Time to fix NEET, build confidence - Hindustan Times

Time to fix NEET, build confidence

ByHT Editorial
Jun 13, 2024 09:22 PM IST

Allegations about irregularities must be probed and NTA held accountable. The careers of young people are at stake

The Supreme Court hit the nail on the head when it observed earlier this week that the sanctity of the National Eligibility cum Entrance Test (NEET) has been compromised. On Thursday, it cancelled grace marks awarded to 1,563 students. But this is only a small part of the mess that threatens to jeopardise the futures of 2.4 million students who spent years preparing for the examination. After all, as an analysis by this newspaper showed, a majority of the 1,563 students scored less than 300 marks out of 720, and cancelling their grace marks would shave off only six people from the 67-strong list of perfect scores. Evidently, the problems roiling this year’s examination are deeper. At the heart of the matter is the unprecedented inflation of marks and the inability of the National Testing Agency (NTA) to offer a cogent explanation.

New Delhi, Jun 12 (ANI): NEET aspirants protest against the alleged irregularities in the NEET-UG examination at Jantar Mantar, in New Delhi on Wednesday. (ANI Photo/Ritik Jain) (Ritik Jain) PREMIUM
New Delhi, Jun 12 (ANI): NEET aspirants protest against the alleged irregularities in the NEET-UG examination at Jantar Mantar, in New Delhi on Wednesday. (ANI Photo/Ritik Jain) (Ritik Jain)

The body, authorised to conduct multiple qualification exams including NEET and CUET, has given a plethora of reasons for the chaos, including systemic and technology issues, discrepancies between old and new textbooks, and time lost in some centres due to circumstances beyond its control. Yet, as experts have pointed out, not one of these reasons can convincingly explain the large-scale arbitrariness in marking. Nearly 70 students have scored a perfect 720, compared to only two in 2023 and none in 2022. The unreasonable spike has played havoc with ranks and cut-offs. Someone scoring 650 placed 28,000 last year but 80,000 this year. That six candidates from the same centre in Faridabad scored 720 has also stoked doubts about the integrity of the testing process. NTA has also fended off allegations of question paper leaks and incorrect answer keys in some of its iterations.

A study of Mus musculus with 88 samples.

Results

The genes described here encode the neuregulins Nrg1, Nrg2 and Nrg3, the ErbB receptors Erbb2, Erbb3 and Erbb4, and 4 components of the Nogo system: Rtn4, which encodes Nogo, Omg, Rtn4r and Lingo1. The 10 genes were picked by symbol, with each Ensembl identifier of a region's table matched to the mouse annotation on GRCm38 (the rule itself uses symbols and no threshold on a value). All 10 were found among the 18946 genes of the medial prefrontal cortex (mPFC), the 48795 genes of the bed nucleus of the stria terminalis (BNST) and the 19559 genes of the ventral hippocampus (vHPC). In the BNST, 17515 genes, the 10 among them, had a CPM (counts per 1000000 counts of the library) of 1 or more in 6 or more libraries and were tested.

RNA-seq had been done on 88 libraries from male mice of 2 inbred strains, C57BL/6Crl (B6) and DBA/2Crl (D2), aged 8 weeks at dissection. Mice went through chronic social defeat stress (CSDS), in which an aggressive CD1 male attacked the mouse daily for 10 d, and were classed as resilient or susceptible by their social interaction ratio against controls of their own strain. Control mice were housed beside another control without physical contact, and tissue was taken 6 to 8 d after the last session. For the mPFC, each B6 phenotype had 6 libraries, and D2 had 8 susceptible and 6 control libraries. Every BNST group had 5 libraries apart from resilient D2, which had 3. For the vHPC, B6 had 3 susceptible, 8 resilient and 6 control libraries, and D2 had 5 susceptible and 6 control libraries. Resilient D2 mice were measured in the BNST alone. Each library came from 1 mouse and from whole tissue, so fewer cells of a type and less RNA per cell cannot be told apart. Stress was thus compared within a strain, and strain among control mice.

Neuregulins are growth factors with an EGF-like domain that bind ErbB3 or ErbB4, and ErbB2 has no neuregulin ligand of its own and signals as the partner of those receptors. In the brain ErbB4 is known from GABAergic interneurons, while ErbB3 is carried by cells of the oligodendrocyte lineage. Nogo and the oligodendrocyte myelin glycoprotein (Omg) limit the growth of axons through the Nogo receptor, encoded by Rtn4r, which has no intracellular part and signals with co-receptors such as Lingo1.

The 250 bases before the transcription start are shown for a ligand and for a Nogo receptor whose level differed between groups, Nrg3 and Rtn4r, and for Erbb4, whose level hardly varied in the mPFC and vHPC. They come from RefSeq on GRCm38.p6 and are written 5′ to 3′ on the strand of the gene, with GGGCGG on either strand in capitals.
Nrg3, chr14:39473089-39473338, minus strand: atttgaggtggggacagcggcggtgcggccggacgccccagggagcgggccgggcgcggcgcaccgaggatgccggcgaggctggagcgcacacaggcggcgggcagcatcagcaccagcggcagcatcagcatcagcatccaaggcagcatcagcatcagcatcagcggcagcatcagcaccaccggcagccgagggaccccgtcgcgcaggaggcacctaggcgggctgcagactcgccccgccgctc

The list of anomalies is too long to ignore or chalk up to coincidence. The government may have denied any leak, but the expert panel it has set up needs to delve deep into what went wrong. Cancelling the June 4 results and conducting a new test should not be off the table. Transparency and public course-correction are needed to restore trust in the process. With the rush of aspirants for medical education, NEET has become an elimination test rather than an examination of the skills needed for prospective healers. There are just 110,000 seats available in 706 medical colleges, of which only 56,405 are in government colleges or institutions backed by the government. Students already face an uphill battle. The least they deserve is a trustworthy and scientific process.